If you’re anything like me, you salivate over Pottery Barn catalogs, imagining how awesome a new armoire would look in your bedroom. That IKEA commercial where the room transforms from one cool theme to another? It's decorating porn.
Then you realize juice boxes and daycare have eaten away any crumbs of your decorating budget. But what if you can curb your designer craving with one-of-a-kind pieces at an affordable cost – all while helping the environment at the same time?
A new organization in town, Perennial St. Louis, is offering educational programming in creative reuse to help residents restyle their homes by transforming broken junk into incredible home décor. Through their workshops, you can learn DIY step-by-step techniques for creating pieces that will have your friends buzzing.
If the thought of repurposing doesn’t strike you as fashionable, guess again. Said Jenny Murphy, founder and executive director of Perennial, “The biggest misconception that most of us learn from America’s culture of consumption is that we need to have the latest style or product and that buying used, reusing or repurposing is a sign of being not ‘with it’ or not having the means to ‘keep up with the Joneses.’ This is totally bonkers!”
“Especially in our current economic state, people are beginning to value, once again, characteristics such as resourcefulness, consciousness and responsibility. Not only do people not need the newest product, but it’s likely they will be praised for their creativity and uniqueness for making something innovative with their own two hands. DIY is the new high design!”
A vision transformed into reality
Murphy first fostered the idea for Perennial four years ago as an art student at Washington University. By October 2010, she made the decision to fully develop and grow the organization. Today, Murphy and her staff host a variety of DIY workshops and events, all priced affordably and open to the public, at various locations around town.
The classes are incredibly diverse – in one, you can learn the secrets to repairing and refinishing a retro piece of furniture you discovered on a dumpster dive. In another, you’ll transform items you may already have at home, such as a wool sweater or dishware, into usable holiday gifts. Perennial provides the materials for each class, including furniture and household goods rescued from the alleys of St. Louis.
While repurposing furnishings is great for the environment, your home and your budget, it also provides a unique way to instill the value of sustainability in your kids.
“Making things together helps us connect with one another and learn more about the people in our lives as you both express your individual creativity and problem-solve together,” explained Murphy. “Not only that, but teaching our kids the skills they need to be self-sufficient – even if it’s as simple as repairing a wobble in a chair leg – are such important lessons to pass on. They will be active with their bodies and minds and view their personal creativity and skills as powerful tools to live healthy and sustainable lives.”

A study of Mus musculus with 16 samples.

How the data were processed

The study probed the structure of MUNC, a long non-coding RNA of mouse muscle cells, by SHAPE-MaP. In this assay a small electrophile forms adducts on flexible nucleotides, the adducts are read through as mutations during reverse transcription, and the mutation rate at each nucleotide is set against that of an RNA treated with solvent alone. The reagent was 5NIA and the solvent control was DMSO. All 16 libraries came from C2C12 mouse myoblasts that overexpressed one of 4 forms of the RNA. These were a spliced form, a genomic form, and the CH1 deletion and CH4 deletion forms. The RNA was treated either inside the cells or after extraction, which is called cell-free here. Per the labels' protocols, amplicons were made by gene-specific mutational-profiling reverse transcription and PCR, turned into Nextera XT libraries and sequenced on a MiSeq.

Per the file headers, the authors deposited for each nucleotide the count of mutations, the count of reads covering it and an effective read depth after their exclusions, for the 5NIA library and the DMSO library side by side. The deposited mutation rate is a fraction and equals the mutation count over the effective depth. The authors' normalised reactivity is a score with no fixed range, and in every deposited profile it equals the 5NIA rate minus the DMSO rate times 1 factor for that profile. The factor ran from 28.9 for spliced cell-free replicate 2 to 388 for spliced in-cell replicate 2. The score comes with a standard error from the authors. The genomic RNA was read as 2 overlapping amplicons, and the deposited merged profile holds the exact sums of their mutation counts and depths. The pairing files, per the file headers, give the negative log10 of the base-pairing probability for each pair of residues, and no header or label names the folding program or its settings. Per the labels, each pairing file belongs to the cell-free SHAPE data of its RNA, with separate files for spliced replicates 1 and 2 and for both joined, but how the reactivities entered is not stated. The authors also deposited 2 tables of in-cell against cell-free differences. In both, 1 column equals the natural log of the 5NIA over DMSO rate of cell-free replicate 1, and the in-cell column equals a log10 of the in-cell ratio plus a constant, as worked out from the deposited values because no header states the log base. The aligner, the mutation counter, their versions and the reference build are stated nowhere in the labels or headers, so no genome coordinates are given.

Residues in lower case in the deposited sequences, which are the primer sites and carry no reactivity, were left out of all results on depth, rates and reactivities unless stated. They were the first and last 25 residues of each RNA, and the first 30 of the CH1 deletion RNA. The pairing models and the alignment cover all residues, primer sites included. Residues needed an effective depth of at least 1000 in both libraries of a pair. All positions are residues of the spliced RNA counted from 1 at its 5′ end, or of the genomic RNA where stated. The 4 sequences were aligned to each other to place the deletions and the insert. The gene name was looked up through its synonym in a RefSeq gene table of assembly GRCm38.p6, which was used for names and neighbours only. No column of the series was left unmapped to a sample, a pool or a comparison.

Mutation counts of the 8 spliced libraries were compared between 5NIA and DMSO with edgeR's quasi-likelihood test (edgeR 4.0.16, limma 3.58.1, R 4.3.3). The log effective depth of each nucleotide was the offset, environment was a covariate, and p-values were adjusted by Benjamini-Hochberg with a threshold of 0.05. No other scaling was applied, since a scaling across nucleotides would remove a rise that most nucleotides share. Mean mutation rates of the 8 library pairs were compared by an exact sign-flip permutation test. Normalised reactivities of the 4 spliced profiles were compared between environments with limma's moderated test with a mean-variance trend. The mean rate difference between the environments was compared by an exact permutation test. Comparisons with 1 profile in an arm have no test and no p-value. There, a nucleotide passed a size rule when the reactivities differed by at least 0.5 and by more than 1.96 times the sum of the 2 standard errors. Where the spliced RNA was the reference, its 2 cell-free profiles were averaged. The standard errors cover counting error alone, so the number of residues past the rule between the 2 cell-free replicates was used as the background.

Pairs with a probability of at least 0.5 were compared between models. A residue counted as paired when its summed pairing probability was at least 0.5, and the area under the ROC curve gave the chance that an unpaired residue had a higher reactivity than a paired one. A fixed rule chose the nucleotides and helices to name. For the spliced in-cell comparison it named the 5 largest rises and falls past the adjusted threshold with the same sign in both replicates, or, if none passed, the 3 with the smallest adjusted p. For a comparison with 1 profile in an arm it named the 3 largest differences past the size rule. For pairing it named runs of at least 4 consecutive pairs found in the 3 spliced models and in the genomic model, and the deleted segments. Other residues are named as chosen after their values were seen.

Raising funds through Lost + F(o)und
On Thursday, October 6th, Perennial will kick off its first public fundraiser, Lost + F(o)und: Drink, Donate + Discover DIY Sustainable Design. Held at Bridge Tap House & Wine Bar, 1004 Locust in St. Louis, from 6 p.m. to 8:30 p.m., Lost + F(o)und will introduce those new to repurposing to the organization and help raise money for Perennial’s eventual studio/workshop which will host classes on site and house all of the organization’s amazing finds.
During Lost + F(o)und, a county fair-style event, you can watch demonstrations on repurposing, create your own drink coaster from old bike tubing, and listen to music provided by Green Strum, a group of folk musicians who perform on upcycled instruments. In addition, check out and bid on furniture designed by local artists and designers for Perennial’s Re-Design Challenge.
Tickets can be ordered for $10 in advance, or purchased for $15 at the door. For more information on Perennial or Lost + F(ound), visit www.perennialstl.org.
By Nicole Plegge, Lifestyle Blogger for SmartParenting
Metro East mom Nicole Plegge is the lifestyle and pop culture blogger for STL Parent. Besides working as a freelance writer & public relations specialist, and raising two daughters and a husband, Nicole's greatest achievements are finding her misplaced car keys each day and managing to leave the house in a stain-free shirt. Her biggest regret is never being accepted to the Eastland School for Girls. Follow Nicole on Twitter @STLWriterinIL
Experience this storytelling adventure at The Butterfly House. Your little ones will enjoy fun storytime readings with some very special guests. Books and Butterflies is included with Butterfly House admission.
This version of It's A Wonderful Life has a clever twist: the story is staged as a play within a play. More specifically, a 1940s live radio broadcast within a play. Complete with microphones, live sound effects by a Foley artist, 1940s period costumes and a diverse company of characters, the adaptation charmingly tells the story of George Bailey and the town of Bedford Falls and brilliantly touches on all the fascinating character backstories. The play also illuminates the powerful, life-affirming message that one life can change the whole fabric of a community. The show, recommended for ages 8 and up, is 50 minutes long, followed by 10 minutes of Q&A between the cast and audience.